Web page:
Global transcriptional response to mammalian temperature provides new insight into Francisella tularensis pathogenesis

Joseph Horzempa1, Paul E Carlson1, Dawn M O'Dee1, Robert MQ Shanks12 and Gerard J Nau134*

Author Affiliations

1 Department of Microbiology and Molecular Genetics, University of Pittsburgh School of Medicine, Pittsburgh, PA 15261, USA

2 Charles T. Campbell Laboratory of Ophthalmic Microbiology, Department of Ophthalmology, University of Pittsburgh Eye Center, Pittsburgh, PA 15213, USA

3 Department of Medicine, Division of Infectious Diseases, University of Pittsburgh School of Medicine, Pittsburgh, PA 15261, USA

4 Center for Vaccine Research, University of Pittsburgh School of Medicine, Pittsburgh, PA 15261, USA


Published: 8 October 2008

Abstract

Background

After infecting a mammalian host, the facultative intracellular bacterium, Francisella tularensis, encounters an elevated environmental temperature. We hypothesized that this temperature change may regulate genes essential for infection.

Results

Microarray analysis of F. tularensis LVS shifted from 26°C (environmental) to 37°C (mammalian) showed ~11% of this bacterium's genes were differentially-regulated. Importantly, 40% of the protein-coding genes that were induced at 37°C have been previously implicated in virulence or intracellular growth of Francisella in other studies, associating the bacterial response to this temperature shift with pathogenesis. Forty-four percent of the genes induced at 37°C encode proteins of unknown function, suggesting novel Francisella virulence traits are regulated by mammalian temperature. To explore this possibility, we generated two mutants of loci induced at 37°C [FTL_1581 and FTL_1664 (deoB)]. The FTL_1581 mutant was attenuated in a chicken embryo infection model, which was likely attributable to a defect in survival within macrophages. FTL_1581 encodes a novel hypothetical protein that we suggest naming temperature-induced, virulence-associated locus A, tivA. Interestingly, the deoB mutant showed diminished entry into mammalian cells compared to wild-type LVS, including primary human macrophages and dendritic cells, the macrophage-like RAW 264.7 line, and non-phagocytic HEK-293 cells. This is the first study identifying a Francisella gene that contributes to uptake into both phagocytic and non-phagocytic host cells.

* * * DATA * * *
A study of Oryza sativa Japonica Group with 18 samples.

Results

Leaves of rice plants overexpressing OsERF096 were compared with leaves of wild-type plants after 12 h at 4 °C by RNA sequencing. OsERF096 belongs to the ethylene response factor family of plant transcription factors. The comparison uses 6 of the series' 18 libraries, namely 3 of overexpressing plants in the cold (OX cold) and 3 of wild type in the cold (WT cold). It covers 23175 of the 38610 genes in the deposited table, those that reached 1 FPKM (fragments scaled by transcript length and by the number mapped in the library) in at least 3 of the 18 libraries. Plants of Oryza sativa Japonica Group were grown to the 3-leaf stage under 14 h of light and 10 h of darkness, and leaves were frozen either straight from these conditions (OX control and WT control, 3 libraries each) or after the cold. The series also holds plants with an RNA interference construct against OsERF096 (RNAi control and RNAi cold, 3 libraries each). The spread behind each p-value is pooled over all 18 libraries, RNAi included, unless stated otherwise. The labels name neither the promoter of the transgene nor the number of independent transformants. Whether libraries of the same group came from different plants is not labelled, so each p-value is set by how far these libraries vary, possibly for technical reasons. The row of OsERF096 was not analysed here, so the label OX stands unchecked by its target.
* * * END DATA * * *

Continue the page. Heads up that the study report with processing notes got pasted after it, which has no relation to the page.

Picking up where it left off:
Conclusion

Our results provide new insight into mechanisms of Francisella virulence regulation and pathogenesis. F. tularensis LVS undergoes considerable gene expression changes in response to mammalian body temperature. This temperature shift is important for the regulation of genes that are critical for the pathogenesis of Francisella. Importantly, the compilation of temperature-regulated genes also defines a rich collection of novel candidate virulence determinants, including tivA (FTL_1581). An analysis of tivA and deoB (FTL_1664) revealed that these genes contribute to intracellular survival and entry into mammalian cells, respectively.